Strategists think the key to beating the recall is to continue town hall meetings and stress the idea that alternatives to the governor are risky.

September 25, 2003|Gregg Jones | Times Staff Writer

SACRAMENTO — As the candidates who would like to replace him attacked one another during their televised debate Wednesday night, aides to Gov. Gray Davis said they increasingly feel that they are within striking distance of saving the unpopular governor's job.

Six weeks ago, Davis' chances of survival looked so bleak that donors were reluctant to contribute money and prominent Democrats were reluctant to stand on the same stage with him.

Now, with several nonpartisan polls showing the race tightening, his strategists believe that they can win if they change the minds of about 3% of the electorate -- mostly independents and some Democrats who now lean toward recalling the governor.

To accomplish that, Davis' aides say, they do not plan any major surprises over the 12 days before the Oct. 7 election. Rather, their plan calls for Davis to continue meeting angry voters face to face in town hall meetings around the state. At the same time, he will be waging a television advertising campaign designed to sow doubts about the recall in the minds of voters.

Planting those doubts may be easier, Davis aides believe, after Wednesday night's debate, in which the candidates broadly attacked one another's politics and personalities and only occasionally criticized the governor.

Since the start of the recall campaign, Davis and his aides have tried to emphasize the governor's knowledge of issues and his experience in making difficult policy choices. Their argument in speeches and advertisements has been that while voters may not like Davis, the alternatives are too risky.

Campaign aides say the argument has begun to catch hold with a significant share of the electorate. "Voters have started taking a closer look at the options, and I don't think people are seeing anything they would be willing to trade for," said Larry Grisolano, Davis' campaign manager.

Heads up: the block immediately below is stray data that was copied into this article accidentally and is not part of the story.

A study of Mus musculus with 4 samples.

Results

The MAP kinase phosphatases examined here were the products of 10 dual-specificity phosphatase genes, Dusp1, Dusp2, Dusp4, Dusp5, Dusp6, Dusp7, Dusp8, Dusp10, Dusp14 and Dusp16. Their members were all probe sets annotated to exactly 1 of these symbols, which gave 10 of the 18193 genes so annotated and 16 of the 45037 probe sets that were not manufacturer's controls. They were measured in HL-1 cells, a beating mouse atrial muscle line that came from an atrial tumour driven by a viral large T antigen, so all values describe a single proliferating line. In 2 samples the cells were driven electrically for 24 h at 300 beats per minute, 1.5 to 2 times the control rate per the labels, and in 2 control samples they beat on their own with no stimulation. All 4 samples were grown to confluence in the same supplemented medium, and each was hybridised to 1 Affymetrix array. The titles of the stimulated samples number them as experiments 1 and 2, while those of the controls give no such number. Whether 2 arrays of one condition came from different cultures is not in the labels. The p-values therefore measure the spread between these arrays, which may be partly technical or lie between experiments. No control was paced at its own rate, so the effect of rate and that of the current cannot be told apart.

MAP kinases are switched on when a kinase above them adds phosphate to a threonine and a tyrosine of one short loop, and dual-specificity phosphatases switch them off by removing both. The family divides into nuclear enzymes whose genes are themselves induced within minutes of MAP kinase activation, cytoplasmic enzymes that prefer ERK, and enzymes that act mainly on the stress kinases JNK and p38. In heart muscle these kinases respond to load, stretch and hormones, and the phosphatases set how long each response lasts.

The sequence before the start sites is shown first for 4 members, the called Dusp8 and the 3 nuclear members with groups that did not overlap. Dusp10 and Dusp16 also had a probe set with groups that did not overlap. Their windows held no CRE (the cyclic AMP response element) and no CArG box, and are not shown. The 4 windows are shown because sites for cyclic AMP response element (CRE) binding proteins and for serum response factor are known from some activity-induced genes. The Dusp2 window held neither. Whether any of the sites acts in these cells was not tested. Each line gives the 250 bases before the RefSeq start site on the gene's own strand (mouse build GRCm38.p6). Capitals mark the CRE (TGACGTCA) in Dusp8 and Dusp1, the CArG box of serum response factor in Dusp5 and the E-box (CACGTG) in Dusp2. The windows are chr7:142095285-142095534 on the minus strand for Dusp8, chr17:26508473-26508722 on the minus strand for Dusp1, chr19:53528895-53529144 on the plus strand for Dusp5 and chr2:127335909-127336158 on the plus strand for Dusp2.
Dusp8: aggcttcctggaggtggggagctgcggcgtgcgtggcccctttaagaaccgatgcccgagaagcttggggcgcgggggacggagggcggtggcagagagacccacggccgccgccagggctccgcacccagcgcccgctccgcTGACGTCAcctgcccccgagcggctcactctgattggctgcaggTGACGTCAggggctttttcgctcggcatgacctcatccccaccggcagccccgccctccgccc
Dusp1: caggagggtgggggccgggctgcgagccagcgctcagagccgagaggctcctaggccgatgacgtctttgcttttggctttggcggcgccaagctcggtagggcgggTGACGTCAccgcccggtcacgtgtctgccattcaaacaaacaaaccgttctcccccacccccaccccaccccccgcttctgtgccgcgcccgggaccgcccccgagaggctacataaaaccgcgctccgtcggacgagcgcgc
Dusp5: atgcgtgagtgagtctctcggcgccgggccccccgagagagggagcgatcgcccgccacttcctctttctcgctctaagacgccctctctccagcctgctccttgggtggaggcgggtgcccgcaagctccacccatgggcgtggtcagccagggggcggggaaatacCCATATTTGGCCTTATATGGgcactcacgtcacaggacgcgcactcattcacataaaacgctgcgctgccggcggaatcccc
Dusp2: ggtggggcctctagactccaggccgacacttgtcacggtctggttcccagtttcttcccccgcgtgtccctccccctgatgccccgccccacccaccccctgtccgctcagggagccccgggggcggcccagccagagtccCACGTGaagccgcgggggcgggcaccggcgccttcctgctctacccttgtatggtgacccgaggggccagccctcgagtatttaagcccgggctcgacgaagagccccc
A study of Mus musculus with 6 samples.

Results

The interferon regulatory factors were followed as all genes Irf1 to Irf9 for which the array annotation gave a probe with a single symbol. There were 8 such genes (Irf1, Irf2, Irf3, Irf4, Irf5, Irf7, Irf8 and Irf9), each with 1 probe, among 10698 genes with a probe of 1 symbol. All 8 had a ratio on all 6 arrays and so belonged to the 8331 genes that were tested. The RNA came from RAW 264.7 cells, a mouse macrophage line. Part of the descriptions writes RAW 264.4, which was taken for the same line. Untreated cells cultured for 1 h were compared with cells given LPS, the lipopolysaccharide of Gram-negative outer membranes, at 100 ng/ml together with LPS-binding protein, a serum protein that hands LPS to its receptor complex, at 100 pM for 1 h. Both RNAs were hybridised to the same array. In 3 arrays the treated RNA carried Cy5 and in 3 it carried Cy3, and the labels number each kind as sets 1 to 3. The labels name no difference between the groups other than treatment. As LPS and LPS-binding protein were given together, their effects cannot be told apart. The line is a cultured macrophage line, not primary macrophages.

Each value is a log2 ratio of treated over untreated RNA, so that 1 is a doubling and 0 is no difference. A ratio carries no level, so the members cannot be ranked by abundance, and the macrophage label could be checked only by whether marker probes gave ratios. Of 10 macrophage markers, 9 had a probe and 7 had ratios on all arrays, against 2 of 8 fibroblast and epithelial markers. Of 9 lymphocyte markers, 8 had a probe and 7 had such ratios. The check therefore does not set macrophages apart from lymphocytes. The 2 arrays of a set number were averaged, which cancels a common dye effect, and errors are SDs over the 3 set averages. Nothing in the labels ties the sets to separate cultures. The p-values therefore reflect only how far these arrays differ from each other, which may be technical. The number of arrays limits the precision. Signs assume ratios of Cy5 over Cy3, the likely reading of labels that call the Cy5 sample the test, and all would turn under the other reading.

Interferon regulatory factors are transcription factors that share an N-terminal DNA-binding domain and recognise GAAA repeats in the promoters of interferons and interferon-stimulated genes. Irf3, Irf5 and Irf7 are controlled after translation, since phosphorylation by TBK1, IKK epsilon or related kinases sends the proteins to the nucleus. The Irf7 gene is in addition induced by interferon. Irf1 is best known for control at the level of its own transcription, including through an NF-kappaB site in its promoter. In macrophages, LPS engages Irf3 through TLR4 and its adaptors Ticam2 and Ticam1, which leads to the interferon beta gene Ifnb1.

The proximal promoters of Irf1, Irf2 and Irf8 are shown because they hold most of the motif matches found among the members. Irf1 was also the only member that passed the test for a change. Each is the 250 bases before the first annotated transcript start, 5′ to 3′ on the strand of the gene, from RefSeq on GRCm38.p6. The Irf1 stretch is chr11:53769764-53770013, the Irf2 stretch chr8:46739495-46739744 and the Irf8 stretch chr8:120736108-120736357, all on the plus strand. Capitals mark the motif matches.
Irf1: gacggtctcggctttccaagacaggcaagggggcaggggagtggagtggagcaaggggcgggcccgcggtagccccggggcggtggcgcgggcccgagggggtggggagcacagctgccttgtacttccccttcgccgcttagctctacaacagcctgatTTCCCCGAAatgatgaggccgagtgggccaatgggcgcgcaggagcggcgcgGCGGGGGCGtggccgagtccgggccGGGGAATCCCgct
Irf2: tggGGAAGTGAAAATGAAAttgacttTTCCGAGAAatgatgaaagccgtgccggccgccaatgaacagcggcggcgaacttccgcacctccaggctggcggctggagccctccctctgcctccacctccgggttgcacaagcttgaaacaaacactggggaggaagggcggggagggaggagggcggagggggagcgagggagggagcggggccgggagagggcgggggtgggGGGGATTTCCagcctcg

Wednesday night, the governor's aides were predicting that the unruly nature of the debate would underscore that theme.

"It does reinforce the image that this is a circus," said Davis advisor Susan Kennedy.

"You have candidates up there giving easy and flip answers to very complicated questions," she said. "You can't solve California's problems with 30-second sound bites."

Some outside analysts said the campaign's assessment may be correct. Even though the widely televised debate gave Davis' rivals extensive publicity, the moments of raucous back-and-forth and the absence of a clear winner may help the governor, said Barbara O'Connor, director of the Center for the Study of Media and Politics at Cal State Sacramento.

"I don't think we saw a lot of movement in voters tonight, and I think that serves Gray well," she said. "Some people who watched the debate may think, 'Maybe we're better off with the devil we know; nobody makes me want to run out and vote.' "

In exploiting whatever advantage the debate might provide, Davis' strategy relies on one of the governor's most salient traits -- campaign discipline.

As other candidates try to sprint to the finish line, Davis' aides are talking about a more methodical approach, some using the football analogy to describe their steady, grinding strategy: "three yards and a cloud of dust."

Since a speech the governor delivered Aug. 19 to an audience of supporters at UCLA, Davis has repeatedly stuck to a few themes: admitting to voters that he has made mistakes as governor, accusing Republicans of using the recall to undermine last fall's election and defiantly vowing to fight for his job.

"You've seen day in, day out an incredible discipline and focus when it comes to our strategy," said Peter Ragone, the campaign's communications director. "That includes talking to voters face to face and talking about the Republican nature of this recall."

Persuading Davis to let voters vent their anger in town hall meetings was a slow process, aides say. Even after agreeing to the strategy, which his aides insisted was necessary if he was going to change voters' opinions of him, the governor was unenthusiastic about the prospect of such in-person encounters.

But he has appeared increasingly comfortable in such forums over the last month.

"I always knew he could do it," said Garry South, who ran Davis' two gubernatorial campaigns and now serves as an unpaid advisor. "The thing about Gray Davis is he has the ability to rise to the occasion."

Davis relies on a group of advisors who have worked extensively together. Most have served in previous campaigns of his, some dating back to his run for lieutenant governor in 1994.

By contrast, Republican Arnold Schwarzenegger and Democratic Lt. Gov. Cruz Bustamante stumbled early on, in part because of the difficulty of putting together an experienced and efficient team in such a short, fast-paced campaign, political strategists from both parties say.